SACRAMENTO — While thunder on the right reverberated through the state Senate, Republicans in the Assembly staged their own show of strength Thursday, orchestrating lower house passage of $100 million in tax breaks for businesses and individuals.

Buoyed by new conservative leadership in both houses, Assembly tax-cutters dominated debate and controlled the votes as measures passed that would lower taxes for airlines, military veterans and new and old industries.

Four Republicans and one moderate Democrat authored the measures and attracted solid Republican unity and enough support from Democrats to win passage--an unusual occurrence on a partisan issue in the Assembly, where 39 Democrats can still block Republican bills in the 79-member house.

Between the tax cut votes, Assembly Republicans cheered at news from across the rotunda that the new Senate Republican leader is Rob Hurtt of Orange County, replacing moderate Ken Maddy of Fresno. On Monday, Assembly Republicans picked their own new leader, Curt Pringle (R-Garden Grove), who is also a staunch Orange County conservative.

The tax-cutting bills passed Thursday would:

* Exempt airlines and railroads from paying sales and other taxes on purchases of fuel used on trips made outside California. Cost to state and local treasuries: $50.5 million. (AB 566 by Howard Kaloogian (R-Carlsbad)).

* Allow a 6% tax credit on expenses incurred for companies that expand or establish a headquarters office in California and employ 100 people in that office. Cost to state: $10 million in the first year; doubling and tripling in the future. (AB 556 by Denise Ducheny (D-San Diego)).

* Allow businesses new to the state to pay in gradual amounts over five years the $800-per-year tax levied "for the privilege of doing business in California." This bill also waives taxes due for businesses that closed after 1987 and did not fully comply with state requirements for dissolution. Cost to state: $20.7 million. (AB 744 by Steven Kuykendall (R-Rancho Palos Verdes)).

* Continue under state administration a federal program, now lapsed, that allows an employee a tax exclusion of up to $5,250 for training or retraining expenses borne by the employer but that would otherwise be a part of the employee's taxable income. Cost to state: $17 million, $12 million in future years. (AB 1905 by Jim Cunneen (R-Cupertino)).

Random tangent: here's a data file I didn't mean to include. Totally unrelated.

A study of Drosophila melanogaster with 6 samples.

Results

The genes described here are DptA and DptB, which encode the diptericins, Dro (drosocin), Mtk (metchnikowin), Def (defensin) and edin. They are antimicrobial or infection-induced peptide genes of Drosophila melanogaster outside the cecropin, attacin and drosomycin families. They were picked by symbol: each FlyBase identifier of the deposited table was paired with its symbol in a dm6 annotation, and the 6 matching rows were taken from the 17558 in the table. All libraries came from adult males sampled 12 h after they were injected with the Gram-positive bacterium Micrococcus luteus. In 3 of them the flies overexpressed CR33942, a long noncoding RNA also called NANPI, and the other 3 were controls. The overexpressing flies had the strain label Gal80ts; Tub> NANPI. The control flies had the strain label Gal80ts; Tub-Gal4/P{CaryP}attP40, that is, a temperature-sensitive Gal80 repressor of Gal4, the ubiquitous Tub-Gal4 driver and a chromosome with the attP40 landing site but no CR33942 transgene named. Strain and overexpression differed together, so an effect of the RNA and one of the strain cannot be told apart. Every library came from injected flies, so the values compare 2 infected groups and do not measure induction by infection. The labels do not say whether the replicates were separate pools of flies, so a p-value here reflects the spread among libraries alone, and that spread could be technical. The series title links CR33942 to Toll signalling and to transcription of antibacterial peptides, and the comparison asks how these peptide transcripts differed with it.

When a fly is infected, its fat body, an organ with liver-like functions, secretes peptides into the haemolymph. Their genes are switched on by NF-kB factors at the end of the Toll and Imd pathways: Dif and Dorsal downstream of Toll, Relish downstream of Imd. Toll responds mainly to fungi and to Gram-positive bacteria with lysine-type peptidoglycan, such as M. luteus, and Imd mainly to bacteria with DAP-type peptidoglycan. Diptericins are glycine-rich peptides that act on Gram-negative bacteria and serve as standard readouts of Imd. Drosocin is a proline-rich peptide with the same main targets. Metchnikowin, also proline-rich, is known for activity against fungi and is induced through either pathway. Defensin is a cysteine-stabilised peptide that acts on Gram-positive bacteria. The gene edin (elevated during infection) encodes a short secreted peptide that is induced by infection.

* Exempt from California taxes retirement income of former military personnel who are no longer state residents. Cost to state: $300,000. (AB 604, by William J. Knight (R-Palmdale)).

During the Assembly tax debates, Democrats said a new dynamic appeared to be at work. Liberal Assemblyman Phil Burton (D-San Francisco) said that in addition to the 39 predictable Republican votes, "two or three Democrats are going along, and that's all it takes [for the majority vote necessary to cut taxes]."

Freshman Assemblyman Wally Knox (D-Los Angeles) said it was alarming to witness what he called "lack of concern over the state's dire economic straits." From the recent legislative battle over balancing a $57.5-billion state budget to the frantic search for state assistance in bailing out financially ailing counties such as Los Angeles, Knox said, it was a strange time to be voting for revenue-cutting tax breaks.

Of one of the tax relief measures, Assemblyman Phil Isenberg (D-Sacramento) said: "It's good policy, but its cost will come from the general fund, and the general fund does not have the money."

Assemblyman Louis Caldera (D-Los Angeles) said it was unrealistic for Republicans to expect that the tax cuts would be enacted into law. He called the measures "fund-raising vehicles, a nod by Republican members to a particular industry" to show allegiance.

Many Assembly Republicans who voted for the tax relief bills, Caldera said, "expect and hope that the Senate will kill them," realizing that the state treasury cannot afford to take the losses.

But those who authored the measures, and their allies, spoke forcefully for tax relief.

Urging passage of a bill to lighten the tax load for businesses new to the state, Assemblyman Brooks Firestone (R-Olivos) said that as it is, businesses are leaving rather than arriving.

"Other states are stealing our jobs, our industry and our revenue," he said.

Republicans cheered when Assemblyman Howard Kaloogian (R-Carlsbad), citing the Laffer Curve principle developed by economist Arthur Laffer, said the state would benefit from easing taxes on businesses.

"Tax receipts are down because because tax rates are up," he said. "Both tax receipts and consumption will go up when taxes go down."